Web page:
Should we return our wedding presents if we divorce?
Question: I was having doubts about my fiancé before our wedding and should have pulled out but I thought it would be less disruptive if we went through with it. However, we agreed to divorce only three months afterwards. Should we return the presents?
Rabbi Naftali Brawer
Naftali Brawer is the CEO of the Spiritual Capital Foundation.
Firstly, let me commend you on doing the right thing. Of course, it would have preferable to have called off the wedding. But given the fact that you realised your mistake, it must have taken a lot of courage to admit it.
Judaism does not demand that one remain in a hollow and unhappy marriage. If a couple cannot work out their differences, they are entitled to find love and fulfilment with other, more suitable partners. While divorce is always tragic, it can also be necessary, which is why it is a feature of Jewish law.
Your question assumes that you are somehow at fault for duping your wedding guests and that you owe them an explanation. This is simply not the case. You are not at fault and you do not owe anyone an explanation.
Wedding gifts are not bestowed on a couple in exchange for a happy and long marriage. They are given because the giver is happy for you and wants to share in your joy. If it transpires that you were in fact unhappy at the time or subsequently became unhappy, that does not retroactively invalidate the gift.
What if a couple stayed together for three years instead of three months, would they have less of a reason to return the gifts? If so, why? Because they somehow “earned” the gifts by remaining together even though they were miserable? The friends who gave you wedding gifts want you to be happy. They are not expecting you to prove yourself worthy of their generosity by remaining in an ill-suited marriage for their sake. And they certainly do not want the gifts returned. I can think of few things as embarrassing as having a wedding gift returned owing to a failed marriage.
It might well be that some of the gifts intended for your new life together will serve as a constant reminder of a period of your life that you would like to forget. If that is the case, I am sure you can find a worthy cause to donate the gifts to. Not because you have to but because you want to. One of the greatest mitzvot is to help a needy bride get married and set up home. This would be an ideal cause. In the merit of helping others may the Almighty bless you, so that you find your true soulmate with whom you can happily spend the rest of your life. p>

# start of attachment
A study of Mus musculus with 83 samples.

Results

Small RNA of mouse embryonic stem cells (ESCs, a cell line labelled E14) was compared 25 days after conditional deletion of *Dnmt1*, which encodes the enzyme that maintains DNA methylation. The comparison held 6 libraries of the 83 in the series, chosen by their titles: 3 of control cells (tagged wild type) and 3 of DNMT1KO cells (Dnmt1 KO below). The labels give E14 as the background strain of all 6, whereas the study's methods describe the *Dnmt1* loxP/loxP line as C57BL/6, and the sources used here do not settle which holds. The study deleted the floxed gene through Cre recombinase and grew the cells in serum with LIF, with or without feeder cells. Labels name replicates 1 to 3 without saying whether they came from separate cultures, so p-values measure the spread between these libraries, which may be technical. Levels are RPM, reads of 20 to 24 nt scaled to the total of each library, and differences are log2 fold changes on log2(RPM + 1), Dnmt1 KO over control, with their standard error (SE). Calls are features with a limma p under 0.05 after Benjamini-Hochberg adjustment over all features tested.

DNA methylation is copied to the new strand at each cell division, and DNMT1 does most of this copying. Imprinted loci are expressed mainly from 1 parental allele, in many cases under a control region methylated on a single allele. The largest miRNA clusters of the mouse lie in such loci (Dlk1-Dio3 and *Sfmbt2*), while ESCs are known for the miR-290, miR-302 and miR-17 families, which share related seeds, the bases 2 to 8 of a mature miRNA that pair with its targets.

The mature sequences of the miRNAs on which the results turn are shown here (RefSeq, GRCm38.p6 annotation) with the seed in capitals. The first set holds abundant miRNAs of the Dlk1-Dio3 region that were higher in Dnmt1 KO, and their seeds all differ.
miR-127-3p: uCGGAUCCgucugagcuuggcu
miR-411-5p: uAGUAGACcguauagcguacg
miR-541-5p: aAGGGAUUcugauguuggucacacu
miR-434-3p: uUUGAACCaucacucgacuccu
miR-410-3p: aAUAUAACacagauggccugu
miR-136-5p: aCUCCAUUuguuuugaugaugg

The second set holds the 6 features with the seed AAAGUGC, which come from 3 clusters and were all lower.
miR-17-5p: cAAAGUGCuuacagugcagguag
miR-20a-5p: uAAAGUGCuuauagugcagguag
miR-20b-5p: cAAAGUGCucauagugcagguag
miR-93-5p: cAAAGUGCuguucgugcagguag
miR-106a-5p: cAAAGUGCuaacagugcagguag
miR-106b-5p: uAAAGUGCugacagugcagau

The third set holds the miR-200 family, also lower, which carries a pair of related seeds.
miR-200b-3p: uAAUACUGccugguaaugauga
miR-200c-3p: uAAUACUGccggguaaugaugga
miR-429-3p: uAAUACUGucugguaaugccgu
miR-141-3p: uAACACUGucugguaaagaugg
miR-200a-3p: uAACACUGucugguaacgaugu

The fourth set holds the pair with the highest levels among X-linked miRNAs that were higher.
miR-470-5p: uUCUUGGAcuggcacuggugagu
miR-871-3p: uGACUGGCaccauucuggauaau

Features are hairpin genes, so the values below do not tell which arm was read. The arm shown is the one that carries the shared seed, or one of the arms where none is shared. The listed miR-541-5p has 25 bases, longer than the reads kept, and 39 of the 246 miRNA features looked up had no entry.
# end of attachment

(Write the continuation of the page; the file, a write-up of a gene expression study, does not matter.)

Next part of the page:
Rabbi Jonathan Romain
Jonathan Romain is rabbi at Maidenhead (Reform) Synagogue.
When we think of being risk-averse, we tend to think of financial investments or dangerous sports, but agreeing to marry someone — uniting our lives with theirs and promising to love them for decades ahead — is one of the most impossible-to-predict things we ever do. It is no wonder that so often we either make the wrong decision, or that what was the right choice for many years becomes no longer so due to unforeseen circumstances, be it external events or changes in our own personalities.
Some people will be astonished that you did not call off the wedding in view of your doubts in advance. However, there are many individuals who have genuine last-minute worries but go on to have blissful marriages. A less dramatic option for anyone currently in that situation is to postpone the wedding, without necessarily telling everyone the real reason, so as to give you time to resolve your particular concerns either way.
In fact, it is far more useful to have marriage guidance in advance to pre-empt problems, rather than once they have erupted. The Jewish Marriage Council offers counselling services for individuals or couples, while there is also the Jewish Helpline, a telephone crisis line. Many rabbis will be happy to talk not only about ceremonial details, but the relationship too.
It is also fair to acknowledge that some people with doubts about their forthcoming wedding find that they are so railroaded by the expectation of family and friends, not to mention thoughts of hotel bookings, money already spent and loss of face, that they feel they cannot turn back.
With hindsight, putting the train in reverse rather than having a crash three months later would have been better. It could have happened by confiding in someone supportive and summoning up the courage to extricate yourself with the least pain for your fiancée and embarrassment to yourself. At least you did admit your mistake shortly after, rather than opt to pretend for the rest of your life. Judaism does not approve of marriage being a prison and permits divorce: better an end with pain, than pain without end.
As for the presents, they were given for your marriage, and as it was, in effect, non-existent, it is only right to return them, along with a sensitively written letter explaining the circumstances.